A birth defect can be defined as an abnormality of structure, function or body chemistry that is present at birth, which results in a physical or mental disability. According to March of Dimes, about 150,000 babies are born with birth defects each year in the United States. Birth defects can be minor, serious or even life-threatening. Birth defects may be caused by various factors including the lifestyle to which the pregnant mother and her child are exposed.
Anyone who is pregnant or plans to become pregnant should be aware that living a healthy lifestyle before and during pregnancy can help avoid the risks of having a baby with birth defects. A mother can reduce the environmental factors that put her baby at risk for birth defects by controlling what she is exposed to before and during pregnancy.
Here are some of the steps women who are pregnant or plan to become pregnant can take in order to avoid complications:
- Avoid Alcohol: Even small amounts of alcohol have shown to have a detrimental effect on babies. Children who are exposed to alcohol during pregnancy may experience a variety of disabilities, many of them lifelong.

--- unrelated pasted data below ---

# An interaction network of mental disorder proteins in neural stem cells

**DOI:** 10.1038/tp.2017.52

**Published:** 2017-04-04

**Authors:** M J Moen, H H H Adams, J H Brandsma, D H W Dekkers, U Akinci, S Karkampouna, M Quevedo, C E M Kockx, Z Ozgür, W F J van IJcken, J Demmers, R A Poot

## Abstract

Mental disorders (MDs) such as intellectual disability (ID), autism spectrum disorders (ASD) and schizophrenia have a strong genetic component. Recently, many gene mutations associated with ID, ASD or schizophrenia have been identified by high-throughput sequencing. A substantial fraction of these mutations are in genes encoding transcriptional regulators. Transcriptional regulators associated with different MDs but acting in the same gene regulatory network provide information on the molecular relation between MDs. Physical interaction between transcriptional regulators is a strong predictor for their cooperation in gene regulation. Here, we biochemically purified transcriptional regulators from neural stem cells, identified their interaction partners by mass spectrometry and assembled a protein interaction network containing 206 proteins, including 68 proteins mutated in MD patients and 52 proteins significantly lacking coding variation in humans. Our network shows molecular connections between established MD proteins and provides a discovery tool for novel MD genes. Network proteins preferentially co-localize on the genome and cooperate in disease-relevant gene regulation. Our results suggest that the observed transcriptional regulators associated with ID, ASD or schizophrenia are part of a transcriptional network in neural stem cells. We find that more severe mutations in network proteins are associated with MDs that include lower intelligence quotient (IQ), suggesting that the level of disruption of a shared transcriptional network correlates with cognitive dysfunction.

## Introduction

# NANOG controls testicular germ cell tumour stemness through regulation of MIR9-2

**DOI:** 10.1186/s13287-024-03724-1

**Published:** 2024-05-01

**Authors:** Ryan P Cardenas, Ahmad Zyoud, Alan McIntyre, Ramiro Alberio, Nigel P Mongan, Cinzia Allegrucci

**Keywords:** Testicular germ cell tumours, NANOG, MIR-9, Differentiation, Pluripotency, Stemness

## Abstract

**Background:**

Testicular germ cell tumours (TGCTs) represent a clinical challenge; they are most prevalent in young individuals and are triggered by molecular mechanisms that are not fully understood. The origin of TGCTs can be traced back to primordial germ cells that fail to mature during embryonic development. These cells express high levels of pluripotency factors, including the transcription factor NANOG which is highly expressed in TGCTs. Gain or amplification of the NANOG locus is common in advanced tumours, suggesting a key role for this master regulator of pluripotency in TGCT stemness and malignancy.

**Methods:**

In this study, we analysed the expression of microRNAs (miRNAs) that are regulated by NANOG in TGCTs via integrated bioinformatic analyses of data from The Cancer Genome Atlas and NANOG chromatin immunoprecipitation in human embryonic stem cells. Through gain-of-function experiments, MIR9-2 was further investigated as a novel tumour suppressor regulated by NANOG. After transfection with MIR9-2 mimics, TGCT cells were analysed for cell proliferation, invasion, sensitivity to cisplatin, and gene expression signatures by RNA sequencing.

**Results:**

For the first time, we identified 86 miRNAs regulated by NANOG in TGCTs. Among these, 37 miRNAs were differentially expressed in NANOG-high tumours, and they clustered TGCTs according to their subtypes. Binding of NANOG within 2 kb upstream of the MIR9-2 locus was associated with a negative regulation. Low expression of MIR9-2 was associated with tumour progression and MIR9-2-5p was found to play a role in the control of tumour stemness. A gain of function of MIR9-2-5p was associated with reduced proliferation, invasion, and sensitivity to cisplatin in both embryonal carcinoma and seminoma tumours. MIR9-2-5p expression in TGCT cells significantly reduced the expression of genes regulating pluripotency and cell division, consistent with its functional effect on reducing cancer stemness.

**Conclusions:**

- No Smoking: A study by the U.S. Centers for Disease Control and Prevention (CDC) showed that babies’ risk of having certain types of congenital heart defects was 20 to 70 percent higher for babies whose mothers smoked during pregnancy. The defects included right ventricular outflow tract obstructions and atrial septal defects.
- Avoiding Recreational Drugs: Recreational drugs such as marijuana, heroin, cocaine, methamphetamine and amphetamines have shown to seriously affect a child’s growth and development. Use of drugs such as methamphetamines could also cause congenital heart defects and other malformations.
- Prescription Drugs: Most prescription drugs are safe to take during pregnancy. But there are also many drugs that could have serious side effects. There are many drugs such as antidepressants that are known to cause serious and life-threatening birth defects in babies that are exposed to them during pregnancy. Women who are pregnant or are planning to become pregnant would be well advised to check with a physician before taking any medication – prescription or over-the counter – as well as do independent research.
There are some congenital defects that cannot be avoided. However, a number of birth defects are entirely preventable when the mother adopts a healthy lifestyle, one that is suitable for herself and her child. Finding out a baby has a birth defect can be a frightening and emotionally traumatizing experience. You may be able to prevent such situations by adopting a healthy lifestyle free of alcohol, cigarettes, recreational and other harmful drugs.